During our evening with Ron and Kara, we received a tour of their newly-remodeled house. Prominently displayed on the floor of their bedroom (much to Kara’s delight) is a black bear that Ron killed in Canada.

This led to a discussion of a short story I’ve been writing, the climax of which involves the shooting of such a bear. “Aren’t you scared of bears?” Jenn asked.

“Yes, I am,” I said. “That’s partly why I wrote the story. It’s based on something that actually happened: I went wandering off into the woods near Silverton to take photographs, even though the property owner had warned me of bears.”

While I was saying this, I was thinking of Tammy’s bear stories, and of the bearskin her family had in their living room (that skin always fascinated me). I was thinking of Grizzly Man. I was thinking of how whenever we go hiking up Opal Creek, I’m always suffering from a low-level anxiety that we’ll be set upon by bears. (An anxiety which is not helped by all the anti-bear precautions we take.)

Here’s video that demonstrates why I am scared of bears when we’re in the woods:

At least we don’t have to worry about grizzlies:

Here’s a grizzly vs. a caribou (not for the faint of heart):

But, of course, the bears don’t always win. Sometimes the cats win. Here’s a video that’s popular around our house:

Yessir. Bears frighten me. I’d rather deal with housecats, thank you very much.

Speaking of wildlife, there’s a little more to tell about our trip for dinner at Ron and Kara’s the other night. Kris and I keep forgetting to mention this to anyone.

After we had turned onto Miller Road, just before we got to John and Louise’s driveway, a deer leapt a fence and bolted into the road. I braked and swerved (not too violently), and the deer veered to the side. For a few moments it ran beside us, keeping pace with the car. Then we were past it, and we sped off, down into the flats, past the tile factory, and to Ron and Kara’s.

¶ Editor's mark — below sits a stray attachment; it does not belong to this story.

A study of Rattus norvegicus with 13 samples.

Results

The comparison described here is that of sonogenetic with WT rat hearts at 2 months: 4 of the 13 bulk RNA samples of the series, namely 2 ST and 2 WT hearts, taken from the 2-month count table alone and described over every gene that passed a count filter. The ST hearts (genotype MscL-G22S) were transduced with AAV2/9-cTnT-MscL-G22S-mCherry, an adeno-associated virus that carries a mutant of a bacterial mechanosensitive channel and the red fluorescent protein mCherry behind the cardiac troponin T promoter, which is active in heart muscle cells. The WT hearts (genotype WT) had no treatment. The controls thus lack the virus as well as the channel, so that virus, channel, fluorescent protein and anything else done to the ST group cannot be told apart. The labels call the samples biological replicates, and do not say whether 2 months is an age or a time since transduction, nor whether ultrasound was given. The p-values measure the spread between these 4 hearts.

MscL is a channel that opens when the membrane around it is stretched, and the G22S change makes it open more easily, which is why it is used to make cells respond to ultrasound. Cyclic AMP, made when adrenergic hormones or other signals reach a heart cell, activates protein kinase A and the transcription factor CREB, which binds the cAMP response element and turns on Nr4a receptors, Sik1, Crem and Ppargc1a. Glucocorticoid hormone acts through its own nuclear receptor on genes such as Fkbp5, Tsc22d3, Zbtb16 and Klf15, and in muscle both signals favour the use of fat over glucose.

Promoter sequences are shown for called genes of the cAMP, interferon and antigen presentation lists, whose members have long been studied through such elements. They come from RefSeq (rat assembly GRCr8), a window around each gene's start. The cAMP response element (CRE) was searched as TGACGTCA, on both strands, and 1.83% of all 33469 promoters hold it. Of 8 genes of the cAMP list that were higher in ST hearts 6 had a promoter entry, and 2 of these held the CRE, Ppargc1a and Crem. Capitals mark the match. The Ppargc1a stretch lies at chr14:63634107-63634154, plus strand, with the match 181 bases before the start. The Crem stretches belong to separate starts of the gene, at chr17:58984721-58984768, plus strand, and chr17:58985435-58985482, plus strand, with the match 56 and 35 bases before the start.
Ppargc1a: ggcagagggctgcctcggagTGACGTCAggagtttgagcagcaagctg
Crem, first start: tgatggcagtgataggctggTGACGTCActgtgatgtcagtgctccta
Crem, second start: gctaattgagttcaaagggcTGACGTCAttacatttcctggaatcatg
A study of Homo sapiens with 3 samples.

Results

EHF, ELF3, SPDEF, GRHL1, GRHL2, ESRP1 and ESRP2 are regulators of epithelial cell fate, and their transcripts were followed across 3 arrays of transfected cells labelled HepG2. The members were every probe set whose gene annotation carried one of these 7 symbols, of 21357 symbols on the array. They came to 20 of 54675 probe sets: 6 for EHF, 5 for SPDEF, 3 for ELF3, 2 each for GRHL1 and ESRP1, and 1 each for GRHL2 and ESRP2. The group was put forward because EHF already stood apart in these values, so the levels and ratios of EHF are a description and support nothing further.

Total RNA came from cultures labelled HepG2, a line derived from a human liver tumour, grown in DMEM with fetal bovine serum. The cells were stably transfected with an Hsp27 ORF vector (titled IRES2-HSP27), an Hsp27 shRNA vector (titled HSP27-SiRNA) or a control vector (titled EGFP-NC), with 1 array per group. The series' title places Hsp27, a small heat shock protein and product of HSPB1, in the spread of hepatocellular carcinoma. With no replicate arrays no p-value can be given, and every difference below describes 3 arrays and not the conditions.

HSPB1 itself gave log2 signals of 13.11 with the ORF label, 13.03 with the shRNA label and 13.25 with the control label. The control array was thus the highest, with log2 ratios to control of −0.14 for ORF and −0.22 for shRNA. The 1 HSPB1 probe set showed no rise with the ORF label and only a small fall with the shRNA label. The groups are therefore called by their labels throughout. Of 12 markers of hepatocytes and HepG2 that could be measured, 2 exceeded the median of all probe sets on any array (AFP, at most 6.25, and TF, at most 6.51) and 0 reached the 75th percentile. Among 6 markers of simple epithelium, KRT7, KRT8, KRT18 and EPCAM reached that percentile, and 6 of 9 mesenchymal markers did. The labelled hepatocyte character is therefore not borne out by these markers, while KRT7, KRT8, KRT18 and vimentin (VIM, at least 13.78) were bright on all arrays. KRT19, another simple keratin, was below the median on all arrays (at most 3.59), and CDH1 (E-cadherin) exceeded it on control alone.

Just a little adventure, but fun nonetheless.

Addendum Since writing this, I’ve reached the point in Undaunted Courage where Lewis & Clark begin to encounter Grizzlies along the Missouri River. Needless to say, I’m frightened for them.

6 Replies to “Bear-ly Breathing”

  1. Dave says:

    Get lots of bear sightings there in urban Clackamas County, do you?

  2. John says:

    The last time I was in the museum at the base of the St. Louis Arch, I was reading excerpts from the diaries of the men on Lewis and Clark’s expedition. One entry in particular stuck in my head… kinda.

    Try as I might, I can’t find the exact text of the narrative. Something along the lines of one of the men (call him Smith) shot a bear – which started chasing him! Smith, in full panic mode, ran back to camp and of course put everyone else in danger. After considerable fuss and a lot of expended powder and bullets, the bear went down. Everybody was mad at Smith as a result.

    The last sentence in the entry was along the lines of “Next time, we will just shoot Smith.”

  3. mrs darling says:

    Yes, we grew up with the bear coming into our orchard for fruit. We trapped three of them and used them for our winter meat. I really dont recall being afraid. But I am now. That movie Grizzly Man scared the pee out of me. I was fascinated with that movie. It haunts me to this day.

  4. jenefer says:

    Wow! That video of the bear killing the caribou is very impressive. Most animals hunt in groups. Just one bear!

  5. SL says:

    If you are afraid of bears that badly and are disrespectful enough to actually enjoy something that garrish on the floor, hike and camp somewhere else. Take up kite flying, anything that won’t have you over reacting if a bear ever does cross your path. There are plenty of places now for you to camp without bears, no thanks to us. Actually try central park in the city of New York, it’s much safer there;)

  6. Ron says:

    Bear skin rugs are beautiful. Anyone with common sense has a healthy respect for bears and does what they can to stay clear of them and has the means with them to kill the bear to protect their own life. I’d rather deal with a bear than what might show up in central park. Bears are more predictable.